Artists are usually known to showcase their work in its final form, but Levin Ifko, a multi-disciplinary artist based in Calgary, is more interested in showcasing their artistic process. 

From Feb.18 to March 26, Ifko held their residency Writing With My Hands, which transparently explores change and the different ways it can manifest. Residencies allow artists to expand on their work in a supportive community environment. 

Levin Ifko’s residency, “Writing With My Hands” was held in The New Gallery’s main space from Feb. 18 to March 26. Photo Credit: Abby Parker

Their residency was held in The New Gallery (TNG), an artist-run center in Chinatown with a mandate to highlight socially and politically focused creative work. 

The small space is filled with light and an even richer history. Tucked in the wall of the gallery’s main space is a bright blue door, which opens down to a basement full of archives.

Alexa Bunnell, communications and outreach coordinator at TNG, toured me through the gallery’s basement. Even before reaching the bottom step of the narrow staircase, I found little remnants of the space’s past — postcards, spare paint, textiles and a dusty record player.  

Many of these objects were left in this basement for years without purpose, but when Ifko started their residency at TNG, they transformed some of these objects into art as a way to show care for the history of the space. 

“I’m a very objects-drawn person and a big collector of sorts. I love to make art that is inspired by these collections, moments and timestamps,” says Ifko.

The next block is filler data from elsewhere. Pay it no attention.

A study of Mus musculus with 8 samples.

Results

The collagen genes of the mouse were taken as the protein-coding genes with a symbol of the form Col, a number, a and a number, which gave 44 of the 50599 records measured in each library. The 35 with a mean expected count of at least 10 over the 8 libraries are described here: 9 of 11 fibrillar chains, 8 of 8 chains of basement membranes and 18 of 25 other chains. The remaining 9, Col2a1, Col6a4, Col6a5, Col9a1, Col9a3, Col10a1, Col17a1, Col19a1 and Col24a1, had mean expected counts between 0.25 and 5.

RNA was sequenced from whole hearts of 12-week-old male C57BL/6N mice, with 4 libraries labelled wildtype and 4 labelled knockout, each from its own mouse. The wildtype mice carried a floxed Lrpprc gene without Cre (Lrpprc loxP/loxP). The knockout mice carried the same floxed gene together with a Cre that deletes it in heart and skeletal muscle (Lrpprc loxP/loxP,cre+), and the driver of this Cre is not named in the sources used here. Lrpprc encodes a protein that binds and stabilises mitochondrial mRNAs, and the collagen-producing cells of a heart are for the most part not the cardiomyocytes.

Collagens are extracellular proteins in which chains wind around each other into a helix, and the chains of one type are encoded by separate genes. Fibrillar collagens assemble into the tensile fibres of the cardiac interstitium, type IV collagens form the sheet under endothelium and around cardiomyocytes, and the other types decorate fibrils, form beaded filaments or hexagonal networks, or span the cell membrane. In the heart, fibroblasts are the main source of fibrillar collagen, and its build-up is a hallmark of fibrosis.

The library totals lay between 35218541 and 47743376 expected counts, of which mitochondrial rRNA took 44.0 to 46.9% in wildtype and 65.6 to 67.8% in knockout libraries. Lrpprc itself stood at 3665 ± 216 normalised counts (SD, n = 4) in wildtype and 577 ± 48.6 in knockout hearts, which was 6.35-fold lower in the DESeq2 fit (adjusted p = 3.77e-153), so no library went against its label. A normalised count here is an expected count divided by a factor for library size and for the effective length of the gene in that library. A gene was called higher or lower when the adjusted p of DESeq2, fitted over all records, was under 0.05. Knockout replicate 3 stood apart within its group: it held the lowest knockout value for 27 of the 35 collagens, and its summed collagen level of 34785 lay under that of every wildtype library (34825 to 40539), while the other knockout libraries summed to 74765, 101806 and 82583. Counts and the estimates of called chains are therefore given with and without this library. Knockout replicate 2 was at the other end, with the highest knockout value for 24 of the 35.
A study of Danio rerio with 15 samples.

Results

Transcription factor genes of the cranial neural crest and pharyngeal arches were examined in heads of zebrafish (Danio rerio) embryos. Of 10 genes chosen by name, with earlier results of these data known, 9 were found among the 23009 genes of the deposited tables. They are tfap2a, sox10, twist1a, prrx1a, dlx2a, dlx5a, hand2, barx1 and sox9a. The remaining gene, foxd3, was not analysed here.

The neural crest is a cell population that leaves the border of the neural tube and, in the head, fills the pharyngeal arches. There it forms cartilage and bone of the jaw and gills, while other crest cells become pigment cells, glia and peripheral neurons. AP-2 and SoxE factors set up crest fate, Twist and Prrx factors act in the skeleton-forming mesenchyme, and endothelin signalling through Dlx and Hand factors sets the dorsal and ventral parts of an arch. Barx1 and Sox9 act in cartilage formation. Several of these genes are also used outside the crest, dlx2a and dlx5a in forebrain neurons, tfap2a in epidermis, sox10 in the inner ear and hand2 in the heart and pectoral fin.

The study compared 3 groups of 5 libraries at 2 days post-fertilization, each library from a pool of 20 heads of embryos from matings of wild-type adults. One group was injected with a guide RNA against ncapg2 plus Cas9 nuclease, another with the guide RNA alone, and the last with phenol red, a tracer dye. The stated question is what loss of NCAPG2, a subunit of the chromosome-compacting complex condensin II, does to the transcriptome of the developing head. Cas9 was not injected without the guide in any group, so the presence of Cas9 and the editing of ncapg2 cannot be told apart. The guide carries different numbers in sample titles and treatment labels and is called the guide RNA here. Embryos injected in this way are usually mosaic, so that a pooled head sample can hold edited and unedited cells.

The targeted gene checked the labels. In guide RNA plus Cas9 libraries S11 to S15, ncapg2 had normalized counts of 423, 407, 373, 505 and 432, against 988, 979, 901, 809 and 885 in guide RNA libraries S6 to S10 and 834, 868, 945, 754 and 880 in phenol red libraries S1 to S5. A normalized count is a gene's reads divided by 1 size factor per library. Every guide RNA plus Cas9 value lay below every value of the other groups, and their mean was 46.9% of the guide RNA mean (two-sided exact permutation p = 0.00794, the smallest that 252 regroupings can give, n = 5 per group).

Ifko is especially drawn to transit tickets and was building a large collection of them before March 2020. The pandemic abruptly changed Ifko’s creative practice, which was centred around transit tickets and the imagery of transit tickets, at the time. 

“I have always loved this feeling of being completely still on a train, yet moving so fast throughout space. I think it’s such an interesting way of revisiting different places and spaces I’ve been in my life,” says Ifko. “It’s just such an interesting in-between space because you’re not where you are, and you’re not where you’re going.” 

Ifko keeps their transit ticket collection in a small, clear box and carries it with them. PHOTO: ABBY PARKER

Ifko used their hands to describe this in-between state to me — placing their palms together, then pulling them apart while keeping energy between. 

“I really think about that liminal space in terms of queerness, and what it means to be queer, trans and non-binary. This space is not only in-between but outside of the [normative] construction of what it means to be,” says Ifko. 

Through their residency at TNG, Ifko explores change, fluidity and uncertainty by altering everyday objects like signs and labels. By making these alterations, they re-frame change to be a source of joy, rather than a force of disruption. 

Ifko first found joy in signage from their grandparents, who operated a sign-making business out of their garage for about 50 years. They believe sentimental connections help shape their art practice. Note and letter writing is especially important in their work going forward. 

“I really love transforming the objects, but I also think the biggest thing for me is about the exchange and the relationships that you build with someone through writing to them,” says Ifko. 

‘I don’t think about you as much as I thought I would, and I thought this would mean I’d be used to it. March 13, 2022 is a few days away and I guess I can’t write through everything’: Ifko used wooden planks they found in the gallery’s basement for this piece, which is the anniversary of the last day they collected transit tickets. PHOTO: ABBY PARKER

Ifko has exchanged letters with their friend and fellow artist, Morgan Martino, for three to four years. Together, they are working on a letter-based publication, with collectibles, scannable playlists and handwritten notes and letters. Free copies of the publication will be available to the public at TNG following Ifko’s residency. 

“I think what happens so often in this space is the exhibition of finished work, and it’s really nice to see the creation and exploration of work instead,” says Bunnell.

Republish our articles for free under a Creative Commons license.